Arteriovenous malformations (AVMs) with intranidal aneurysms often require prompt treatment due to concern for rupture. However, controversial reports have been seen in existing literature regarding impact of intranidal aneurysm on hemorrhagic risk of AVMs. We aim to characterize this risk using our institutional cohort of AVM patients.
We performed a retrospective chart review of all patients diagnosed with AVM at our institution between 1990 and 2015. Patients with intranidal aneurysms and those without any associated aneurysms were compared. Baseline information, hemorrhage at presentation and follow-up, treatment modality, and functional status were determined. Annual risk of hemorrhage was calculated via the birth to first treatment approach and compared using Poisson rate ratio test.
From a database of 763 AVM patients, 485 patients with intranidal aneurysms(n=25) or without any aneurysms(n=460) were included after excluding patients with missing data. Average age was 36.0+/-18.2 years with 53.4% female. Average size of all AVMs were 3.03cm. There were no significant differences in AVM grading or ruptured presentation between the two groups(p>0.05). However, patients in the intranidal group were more likely to have speech disturbance at baseline(p=0.021). Those with intranidal aneurysms were more likely to undergo microsurgery compared to radiosurgery(p=0.037). Average follow-up duration was 5.38±7.11 years. There were no significant differences in functional outcomes or follow-up hemorrhages between the two groups(p>0.05). The annual risk of hemorrhage was 1.21% and 1.36% for the no aneurysm and intranidal aneurysm groups respectively(p=0.747).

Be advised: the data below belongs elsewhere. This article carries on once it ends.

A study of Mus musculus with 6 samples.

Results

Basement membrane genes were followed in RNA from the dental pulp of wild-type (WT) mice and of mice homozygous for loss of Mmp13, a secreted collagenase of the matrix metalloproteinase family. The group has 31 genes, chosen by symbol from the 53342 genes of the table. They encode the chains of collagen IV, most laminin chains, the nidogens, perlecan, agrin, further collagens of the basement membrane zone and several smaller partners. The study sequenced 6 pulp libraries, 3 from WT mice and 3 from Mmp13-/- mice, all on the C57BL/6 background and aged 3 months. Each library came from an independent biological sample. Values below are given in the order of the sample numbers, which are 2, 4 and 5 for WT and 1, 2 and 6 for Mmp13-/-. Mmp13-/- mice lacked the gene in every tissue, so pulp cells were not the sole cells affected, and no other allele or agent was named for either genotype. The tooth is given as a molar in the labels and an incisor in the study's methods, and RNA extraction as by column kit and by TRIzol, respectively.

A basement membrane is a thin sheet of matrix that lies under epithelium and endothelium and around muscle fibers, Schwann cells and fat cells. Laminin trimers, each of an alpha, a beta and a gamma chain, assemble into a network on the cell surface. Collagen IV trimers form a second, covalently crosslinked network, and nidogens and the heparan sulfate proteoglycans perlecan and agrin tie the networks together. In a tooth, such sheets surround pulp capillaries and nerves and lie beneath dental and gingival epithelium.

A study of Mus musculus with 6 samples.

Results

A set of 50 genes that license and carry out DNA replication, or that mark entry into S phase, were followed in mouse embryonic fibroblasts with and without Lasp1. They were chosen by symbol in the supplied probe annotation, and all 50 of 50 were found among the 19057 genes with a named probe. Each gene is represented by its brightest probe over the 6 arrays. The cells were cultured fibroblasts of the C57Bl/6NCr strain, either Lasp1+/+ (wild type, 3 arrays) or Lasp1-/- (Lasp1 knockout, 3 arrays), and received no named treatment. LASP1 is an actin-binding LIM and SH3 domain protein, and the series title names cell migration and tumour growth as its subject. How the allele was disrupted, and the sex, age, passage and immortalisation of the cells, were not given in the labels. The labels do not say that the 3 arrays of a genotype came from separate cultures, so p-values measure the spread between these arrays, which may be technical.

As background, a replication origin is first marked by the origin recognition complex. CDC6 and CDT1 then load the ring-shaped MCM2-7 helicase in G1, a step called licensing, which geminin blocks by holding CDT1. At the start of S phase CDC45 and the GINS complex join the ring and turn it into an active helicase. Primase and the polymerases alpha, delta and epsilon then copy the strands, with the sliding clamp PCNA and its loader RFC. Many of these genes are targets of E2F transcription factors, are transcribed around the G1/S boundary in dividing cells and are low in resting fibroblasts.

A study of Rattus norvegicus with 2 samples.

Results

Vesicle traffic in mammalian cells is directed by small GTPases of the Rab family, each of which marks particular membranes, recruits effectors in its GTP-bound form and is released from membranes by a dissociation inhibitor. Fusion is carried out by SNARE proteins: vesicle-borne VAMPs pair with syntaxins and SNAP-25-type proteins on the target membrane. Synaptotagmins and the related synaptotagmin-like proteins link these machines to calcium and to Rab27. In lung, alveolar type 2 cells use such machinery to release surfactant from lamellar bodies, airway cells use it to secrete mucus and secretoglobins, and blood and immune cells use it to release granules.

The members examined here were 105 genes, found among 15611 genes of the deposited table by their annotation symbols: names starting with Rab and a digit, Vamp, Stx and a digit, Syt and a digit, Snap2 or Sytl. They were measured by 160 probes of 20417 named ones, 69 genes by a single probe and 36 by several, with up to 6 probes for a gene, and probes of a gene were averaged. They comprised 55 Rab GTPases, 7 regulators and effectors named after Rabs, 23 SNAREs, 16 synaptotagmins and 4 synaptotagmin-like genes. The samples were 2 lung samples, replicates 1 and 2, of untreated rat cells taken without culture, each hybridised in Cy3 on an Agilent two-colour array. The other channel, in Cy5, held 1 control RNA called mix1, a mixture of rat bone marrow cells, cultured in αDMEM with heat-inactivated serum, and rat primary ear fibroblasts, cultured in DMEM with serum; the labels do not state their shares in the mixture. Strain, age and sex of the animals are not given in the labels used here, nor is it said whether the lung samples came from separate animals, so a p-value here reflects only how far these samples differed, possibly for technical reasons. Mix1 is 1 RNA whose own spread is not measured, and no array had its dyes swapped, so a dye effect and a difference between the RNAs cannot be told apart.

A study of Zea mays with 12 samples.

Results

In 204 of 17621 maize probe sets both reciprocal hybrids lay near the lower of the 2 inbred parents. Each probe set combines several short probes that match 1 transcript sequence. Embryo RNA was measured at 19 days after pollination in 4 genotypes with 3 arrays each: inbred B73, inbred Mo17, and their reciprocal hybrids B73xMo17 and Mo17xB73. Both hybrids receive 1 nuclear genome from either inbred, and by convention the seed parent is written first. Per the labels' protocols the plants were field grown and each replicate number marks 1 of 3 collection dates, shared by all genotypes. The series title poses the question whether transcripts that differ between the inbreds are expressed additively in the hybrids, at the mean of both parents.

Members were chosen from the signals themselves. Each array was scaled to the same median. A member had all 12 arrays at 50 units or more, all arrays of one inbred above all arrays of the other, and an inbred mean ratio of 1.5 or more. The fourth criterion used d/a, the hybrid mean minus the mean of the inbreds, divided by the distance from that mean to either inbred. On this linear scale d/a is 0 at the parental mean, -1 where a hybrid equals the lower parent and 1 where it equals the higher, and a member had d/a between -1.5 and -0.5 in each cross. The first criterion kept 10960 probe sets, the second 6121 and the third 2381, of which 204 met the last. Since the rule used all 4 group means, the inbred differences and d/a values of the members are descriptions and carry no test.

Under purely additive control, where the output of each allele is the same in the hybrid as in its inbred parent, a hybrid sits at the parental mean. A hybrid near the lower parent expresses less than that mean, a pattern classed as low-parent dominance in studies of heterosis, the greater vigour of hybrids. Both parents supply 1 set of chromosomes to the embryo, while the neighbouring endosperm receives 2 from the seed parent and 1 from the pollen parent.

The finding of no association between hemorrhagic presentation and intranidal aneurysms confirm previous findings. Additionally, no difference in subsequent risk of hemorrhage was found in our study. Therefore, despite general perception that intranidal aneurysms increases hemorrhagic risk of AVMs, our study does not support this presumption.
Findings from this study will help physicians assess the risk of AVM hemorrhage complicated by intranidal aneurysms, thereby guiding treatment approaches of these lesions.
By the conclusion of this session, participants should be able to: 1) Appreciate the effect of intranidal aneurysms on AVM hemorrhage risk. 2) Understand the AVM treatment approach preferences in presence of intranidal aneurysms.